Appetite suppressants, medically termed as anorectics, are diet supplements and drugs
that have properties to inhibit hunger and thus, reduce food consumption in various
degrees to cause weight loss. Most current anorectics claim to contain only 100%
natural ingredients extracted from known botanicals used in herbal medicine for centuries.
How Do Appetite Suppressants Work For Weight Loss?
Appetite is often triggered by our circadian rhythms or body clock that tells us
instinctively that it’s time to eat, breakfast, lunch or dinner.
Appetite suppressants works to mess up the rhythm, stimulating the stomach neurosensors
to tell the brain that it’s still full, so no need to eat. Hunger pangs, on the other
hand, are triggered when the stomach starts to secrete gastric juices that irritate
the inner stomach muscles to alert us it’s time to eat.
Appetite suppressants also work to neutralize, inhibit or delay the gastric juices
from coming out so you don’t feel hungry.
Are Appetite Suppressants Good?
Here’s a sampling of what users say about appetite suppressants:
From Ginger, Ohio:
“Ever since I’ve started taking green tea, I noticed I wasn’t feeling as much hunger
pangs as before. I shifted to green tea more for its anti-oxidant anti-aging health
promises. I accidentally found, it helped control my food intake and I am now about
5 lbs lighter than when I started.”
From Stephanie, Minnesota:
“Better than fat burners or fat blockers, there’s nothing to burn or block as I am
taking less food than I used to. Appetite suppressants really work.”
From Wilbur, Ontario:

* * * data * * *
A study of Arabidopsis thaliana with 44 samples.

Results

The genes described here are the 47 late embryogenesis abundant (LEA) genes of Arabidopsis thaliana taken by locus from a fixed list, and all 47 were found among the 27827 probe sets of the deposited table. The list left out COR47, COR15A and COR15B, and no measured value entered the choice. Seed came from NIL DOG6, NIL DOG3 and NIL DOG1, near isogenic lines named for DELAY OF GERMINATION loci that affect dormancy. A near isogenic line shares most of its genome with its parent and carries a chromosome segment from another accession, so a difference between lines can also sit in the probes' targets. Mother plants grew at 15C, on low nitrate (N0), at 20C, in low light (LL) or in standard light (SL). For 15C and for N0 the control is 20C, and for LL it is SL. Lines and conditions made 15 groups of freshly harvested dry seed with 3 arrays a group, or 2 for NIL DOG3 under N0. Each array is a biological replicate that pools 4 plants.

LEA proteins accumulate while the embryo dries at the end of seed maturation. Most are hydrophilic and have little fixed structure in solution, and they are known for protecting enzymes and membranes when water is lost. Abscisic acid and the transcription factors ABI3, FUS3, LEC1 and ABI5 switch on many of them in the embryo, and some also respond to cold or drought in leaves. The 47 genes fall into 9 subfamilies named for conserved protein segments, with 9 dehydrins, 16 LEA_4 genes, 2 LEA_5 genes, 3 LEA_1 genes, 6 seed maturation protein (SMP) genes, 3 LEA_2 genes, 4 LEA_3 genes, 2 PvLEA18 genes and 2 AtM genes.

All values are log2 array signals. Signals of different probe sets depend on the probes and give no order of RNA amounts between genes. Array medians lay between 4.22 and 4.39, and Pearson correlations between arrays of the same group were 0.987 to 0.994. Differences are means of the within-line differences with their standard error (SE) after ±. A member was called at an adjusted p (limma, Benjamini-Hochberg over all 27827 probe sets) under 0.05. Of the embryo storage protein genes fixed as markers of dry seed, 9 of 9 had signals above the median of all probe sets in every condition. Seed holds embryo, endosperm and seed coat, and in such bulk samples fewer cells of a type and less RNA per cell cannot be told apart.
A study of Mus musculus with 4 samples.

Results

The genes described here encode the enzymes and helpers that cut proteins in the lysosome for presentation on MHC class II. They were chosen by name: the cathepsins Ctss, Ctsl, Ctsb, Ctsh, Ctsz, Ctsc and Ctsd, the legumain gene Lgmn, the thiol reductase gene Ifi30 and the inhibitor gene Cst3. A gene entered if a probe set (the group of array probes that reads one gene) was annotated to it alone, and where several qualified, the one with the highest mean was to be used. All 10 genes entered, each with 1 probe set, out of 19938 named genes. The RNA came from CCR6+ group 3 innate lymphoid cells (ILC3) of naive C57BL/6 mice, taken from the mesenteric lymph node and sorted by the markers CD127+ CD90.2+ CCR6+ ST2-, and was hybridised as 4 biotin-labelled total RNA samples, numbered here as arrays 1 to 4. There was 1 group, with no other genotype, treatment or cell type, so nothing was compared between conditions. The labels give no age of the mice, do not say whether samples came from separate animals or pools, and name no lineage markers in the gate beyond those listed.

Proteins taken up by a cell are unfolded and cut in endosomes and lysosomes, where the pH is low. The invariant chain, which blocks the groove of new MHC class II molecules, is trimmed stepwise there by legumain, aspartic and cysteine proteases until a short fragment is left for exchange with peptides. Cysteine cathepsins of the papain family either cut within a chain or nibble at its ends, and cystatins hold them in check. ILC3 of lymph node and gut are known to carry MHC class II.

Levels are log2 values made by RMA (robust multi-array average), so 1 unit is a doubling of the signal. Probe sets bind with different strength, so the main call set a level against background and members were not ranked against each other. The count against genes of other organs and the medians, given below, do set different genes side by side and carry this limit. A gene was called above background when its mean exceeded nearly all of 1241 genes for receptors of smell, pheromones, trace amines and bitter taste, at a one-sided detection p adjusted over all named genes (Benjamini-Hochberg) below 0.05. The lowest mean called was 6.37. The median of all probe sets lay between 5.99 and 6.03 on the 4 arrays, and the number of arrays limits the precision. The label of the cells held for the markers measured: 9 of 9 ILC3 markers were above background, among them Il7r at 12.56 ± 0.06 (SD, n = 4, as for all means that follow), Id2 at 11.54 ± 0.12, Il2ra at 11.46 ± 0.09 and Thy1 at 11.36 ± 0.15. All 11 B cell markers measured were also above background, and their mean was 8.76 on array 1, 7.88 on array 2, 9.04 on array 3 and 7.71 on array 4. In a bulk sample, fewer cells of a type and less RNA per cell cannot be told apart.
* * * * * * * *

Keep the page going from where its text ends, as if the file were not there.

“I’ve been on a low-fat diet since I started my weight loss regimen and taking this
appetite suppressant diet pills helped me a lot. Now, I don’t have to suffer those
bland tasteless foods that my dietician is prescribing. I just eat one heavy brunch
that I really like, then a light snack later in the day. I haven’t gained a single
ounce since I started 2 months back.”
Are Appetite Suppressants Safe?
Appetite suppressants are not new and have been around since the late 50s.
• Pharmaceutical anorectic drugs in its early days have caused serous side effects
like pulmonary hypertension and heart valve damage like the Aminorex of the 60s and
the Fenfluramine(known as Pondimin, Ponderax and Adifax) of the 90s.
• As late as 2000, Phenylpropanloamine(PPA; Accutrim, Dexatrim) had been linked to
hemorrhagic strokes that the FDA had to request its withdrawal from the markets.
• The latest is a ban on Ephedra containing an all-natural substance ephedrine that
can cause heart attack, stroke and even death.
• Used sparingly or on a short term basis to treat obesity, over-the-counter supplements
containing 100% natural appetite suppressing ingredients don’t need FDA approvals
and are generally safe.
Regardless, one should still exercise reasonable caution before taking any of these
supplements by consulting with your doctor, especially if you are pregnant or breastfeeding,
suffer a chronic heart ailment, have an allergy to artificial and natural drugs,
or are taking any prescriptive medication.